American construction workers are facing a new risk as many states look at reopening following COVID-19 shutdowns: that they are twice as likely as their fellow countrymen to develop chronic obstructive pulmonary disease.
The Director of Interventional Pulmonology at Northwestern Medicine Centre in Chicago, Dr Benjamin Seides, explains COPD it as a “very real and frightening health threat, as this disease can lead to disability and sometimes even death.”
According to a Duke University study, almost one-fifth of COPD among construction workers is due to workplace exposure to gases, dust and fumes. The study was published in the American Journal of Industrial Medicine in 2015.
Those same researchers studied at over 800 construction workers with COPD and found that almost a third (32 per cent) of the cases were due to workplace exposures among construction workers who were not smokers (smoking is a risk factor for COPD).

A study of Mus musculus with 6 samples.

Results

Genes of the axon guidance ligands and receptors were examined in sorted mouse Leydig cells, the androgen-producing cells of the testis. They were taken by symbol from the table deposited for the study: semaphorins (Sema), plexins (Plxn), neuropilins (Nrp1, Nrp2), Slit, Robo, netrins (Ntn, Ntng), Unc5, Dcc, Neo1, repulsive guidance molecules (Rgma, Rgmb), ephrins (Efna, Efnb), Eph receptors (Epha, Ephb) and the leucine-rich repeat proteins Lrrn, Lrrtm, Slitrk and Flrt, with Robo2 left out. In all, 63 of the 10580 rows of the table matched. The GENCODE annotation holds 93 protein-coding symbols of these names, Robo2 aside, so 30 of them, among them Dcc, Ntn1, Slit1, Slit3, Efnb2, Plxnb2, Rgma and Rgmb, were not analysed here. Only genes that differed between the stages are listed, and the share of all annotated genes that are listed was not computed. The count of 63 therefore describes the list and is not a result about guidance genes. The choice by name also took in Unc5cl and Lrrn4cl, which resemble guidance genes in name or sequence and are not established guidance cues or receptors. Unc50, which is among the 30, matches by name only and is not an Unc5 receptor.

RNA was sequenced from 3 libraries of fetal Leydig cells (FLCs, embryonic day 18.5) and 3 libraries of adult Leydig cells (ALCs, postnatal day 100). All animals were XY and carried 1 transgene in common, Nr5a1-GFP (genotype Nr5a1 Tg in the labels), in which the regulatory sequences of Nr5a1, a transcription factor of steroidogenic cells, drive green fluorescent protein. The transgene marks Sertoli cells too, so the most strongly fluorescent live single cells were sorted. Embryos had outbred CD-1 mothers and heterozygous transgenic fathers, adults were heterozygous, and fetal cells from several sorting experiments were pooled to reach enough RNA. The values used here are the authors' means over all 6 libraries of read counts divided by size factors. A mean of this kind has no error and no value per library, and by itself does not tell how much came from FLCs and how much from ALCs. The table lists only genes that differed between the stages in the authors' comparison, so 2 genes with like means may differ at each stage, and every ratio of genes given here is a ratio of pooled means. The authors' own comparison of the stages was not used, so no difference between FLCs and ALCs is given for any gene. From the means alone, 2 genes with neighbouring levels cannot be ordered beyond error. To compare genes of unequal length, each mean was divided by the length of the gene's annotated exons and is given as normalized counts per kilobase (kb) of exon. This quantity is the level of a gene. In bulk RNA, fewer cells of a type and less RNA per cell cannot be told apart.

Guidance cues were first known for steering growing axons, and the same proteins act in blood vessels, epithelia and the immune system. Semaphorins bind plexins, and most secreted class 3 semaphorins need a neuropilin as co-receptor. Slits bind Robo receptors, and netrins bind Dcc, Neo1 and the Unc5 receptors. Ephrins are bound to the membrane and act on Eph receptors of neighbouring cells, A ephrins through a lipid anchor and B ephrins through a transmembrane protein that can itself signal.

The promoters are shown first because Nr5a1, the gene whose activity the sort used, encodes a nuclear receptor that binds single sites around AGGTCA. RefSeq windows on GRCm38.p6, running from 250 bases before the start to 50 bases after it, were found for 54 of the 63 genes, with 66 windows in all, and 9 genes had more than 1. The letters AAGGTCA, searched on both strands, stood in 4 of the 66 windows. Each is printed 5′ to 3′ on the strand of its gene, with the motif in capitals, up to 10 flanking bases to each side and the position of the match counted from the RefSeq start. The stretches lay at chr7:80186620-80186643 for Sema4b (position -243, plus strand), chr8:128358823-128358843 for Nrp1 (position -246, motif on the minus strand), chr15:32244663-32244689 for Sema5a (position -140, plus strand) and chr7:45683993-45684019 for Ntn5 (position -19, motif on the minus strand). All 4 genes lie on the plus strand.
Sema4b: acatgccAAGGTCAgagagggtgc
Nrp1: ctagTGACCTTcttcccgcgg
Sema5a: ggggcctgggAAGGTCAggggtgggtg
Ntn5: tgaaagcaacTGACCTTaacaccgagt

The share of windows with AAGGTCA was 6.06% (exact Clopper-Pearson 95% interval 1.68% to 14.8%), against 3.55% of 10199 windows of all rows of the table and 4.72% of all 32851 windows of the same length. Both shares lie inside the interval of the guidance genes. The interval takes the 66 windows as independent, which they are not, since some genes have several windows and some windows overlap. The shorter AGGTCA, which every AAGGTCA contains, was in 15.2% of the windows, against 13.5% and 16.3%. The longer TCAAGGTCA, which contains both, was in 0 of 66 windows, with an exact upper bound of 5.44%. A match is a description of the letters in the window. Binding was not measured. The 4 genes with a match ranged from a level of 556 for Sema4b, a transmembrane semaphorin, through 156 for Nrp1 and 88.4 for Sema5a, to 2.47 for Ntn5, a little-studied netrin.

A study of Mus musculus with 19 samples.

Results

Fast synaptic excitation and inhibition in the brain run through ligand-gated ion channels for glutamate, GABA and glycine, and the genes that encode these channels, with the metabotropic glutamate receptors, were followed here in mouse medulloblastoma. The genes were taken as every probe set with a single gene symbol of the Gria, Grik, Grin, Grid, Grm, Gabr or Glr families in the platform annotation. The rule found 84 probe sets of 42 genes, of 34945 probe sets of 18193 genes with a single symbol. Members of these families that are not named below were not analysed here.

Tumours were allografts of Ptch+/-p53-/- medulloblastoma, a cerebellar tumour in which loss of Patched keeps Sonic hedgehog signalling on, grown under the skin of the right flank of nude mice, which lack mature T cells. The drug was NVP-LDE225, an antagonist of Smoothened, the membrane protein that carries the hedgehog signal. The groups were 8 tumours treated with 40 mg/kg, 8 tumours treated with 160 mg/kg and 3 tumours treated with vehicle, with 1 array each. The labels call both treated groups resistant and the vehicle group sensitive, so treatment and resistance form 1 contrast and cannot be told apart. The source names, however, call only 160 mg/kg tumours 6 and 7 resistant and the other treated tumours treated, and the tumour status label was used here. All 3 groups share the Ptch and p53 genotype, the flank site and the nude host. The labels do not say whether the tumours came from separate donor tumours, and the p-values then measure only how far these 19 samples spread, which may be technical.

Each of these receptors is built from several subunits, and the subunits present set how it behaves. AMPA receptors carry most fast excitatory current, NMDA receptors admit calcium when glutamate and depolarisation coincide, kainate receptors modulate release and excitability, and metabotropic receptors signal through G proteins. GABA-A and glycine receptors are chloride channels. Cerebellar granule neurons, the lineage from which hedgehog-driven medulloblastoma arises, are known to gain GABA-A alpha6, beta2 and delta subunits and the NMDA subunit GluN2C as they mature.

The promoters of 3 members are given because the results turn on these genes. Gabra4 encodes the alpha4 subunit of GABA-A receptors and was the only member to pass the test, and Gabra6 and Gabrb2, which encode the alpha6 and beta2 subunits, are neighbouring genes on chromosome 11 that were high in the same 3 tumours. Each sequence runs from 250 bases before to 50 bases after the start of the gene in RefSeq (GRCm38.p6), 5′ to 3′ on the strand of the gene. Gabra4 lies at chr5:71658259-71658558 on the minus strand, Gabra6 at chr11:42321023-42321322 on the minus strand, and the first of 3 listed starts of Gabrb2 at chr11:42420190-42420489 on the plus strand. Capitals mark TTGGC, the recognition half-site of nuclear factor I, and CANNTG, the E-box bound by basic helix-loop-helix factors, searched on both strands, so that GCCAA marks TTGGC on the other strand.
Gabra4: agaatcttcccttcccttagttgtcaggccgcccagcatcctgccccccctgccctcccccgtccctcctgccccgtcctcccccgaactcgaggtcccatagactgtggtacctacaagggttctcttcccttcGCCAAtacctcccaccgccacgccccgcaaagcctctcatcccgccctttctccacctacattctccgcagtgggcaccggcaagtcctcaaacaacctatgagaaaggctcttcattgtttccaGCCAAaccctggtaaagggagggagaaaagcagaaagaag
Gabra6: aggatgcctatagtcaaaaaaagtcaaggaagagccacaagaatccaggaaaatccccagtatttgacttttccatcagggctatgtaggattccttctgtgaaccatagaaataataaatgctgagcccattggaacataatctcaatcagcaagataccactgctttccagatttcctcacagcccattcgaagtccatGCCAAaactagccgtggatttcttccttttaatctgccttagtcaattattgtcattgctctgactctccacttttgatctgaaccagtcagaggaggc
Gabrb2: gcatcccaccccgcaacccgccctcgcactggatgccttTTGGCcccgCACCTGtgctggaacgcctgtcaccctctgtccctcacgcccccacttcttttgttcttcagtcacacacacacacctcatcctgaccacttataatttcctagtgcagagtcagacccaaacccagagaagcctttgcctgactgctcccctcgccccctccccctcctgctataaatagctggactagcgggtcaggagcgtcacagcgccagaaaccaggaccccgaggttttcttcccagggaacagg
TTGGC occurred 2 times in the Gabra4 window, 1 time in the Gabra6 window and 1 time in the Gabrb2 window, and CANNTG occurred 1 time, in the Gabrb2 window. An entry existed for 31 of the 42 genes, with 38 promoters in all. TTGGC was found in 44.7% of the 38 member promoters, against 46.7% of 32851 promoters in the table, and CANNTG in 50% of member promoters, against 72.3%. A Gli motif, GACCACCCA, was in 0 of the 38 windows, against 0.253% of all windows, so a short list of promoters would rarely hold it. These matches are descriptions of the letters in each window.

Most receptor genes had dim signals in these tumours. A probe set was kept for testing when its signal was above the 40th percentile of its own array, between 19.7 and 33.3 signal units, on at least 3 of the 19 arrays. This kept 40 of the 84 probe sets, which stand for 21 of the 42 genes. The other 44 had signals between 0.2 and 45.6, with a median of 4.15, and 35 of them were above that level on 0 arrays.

A secondary study, published in the European Respiratory Journal, studied 300,000 Swedish workers for over 25 years – a far more in-depth study – and found that exposure to airborne toxins resulted in a COPD death rate more than two and a half times greater than workers who hadn’t been exposed.
Dr Seides added that chemicals often found on construction sites “can be toxic to the lungs,” including stripping agents, lacquers and paint, as well as exposure to welding, which produces harmful gases.
Dr Seides also explained the effect of silica, which has seen local authorities crackdown here in Australia, but many American states were yet to legislate safety regulations. “If a worker is cutting, chipping, grinding or drilling (granite, concrete and rock), it creates dust that has microscopic silica particles,” he said.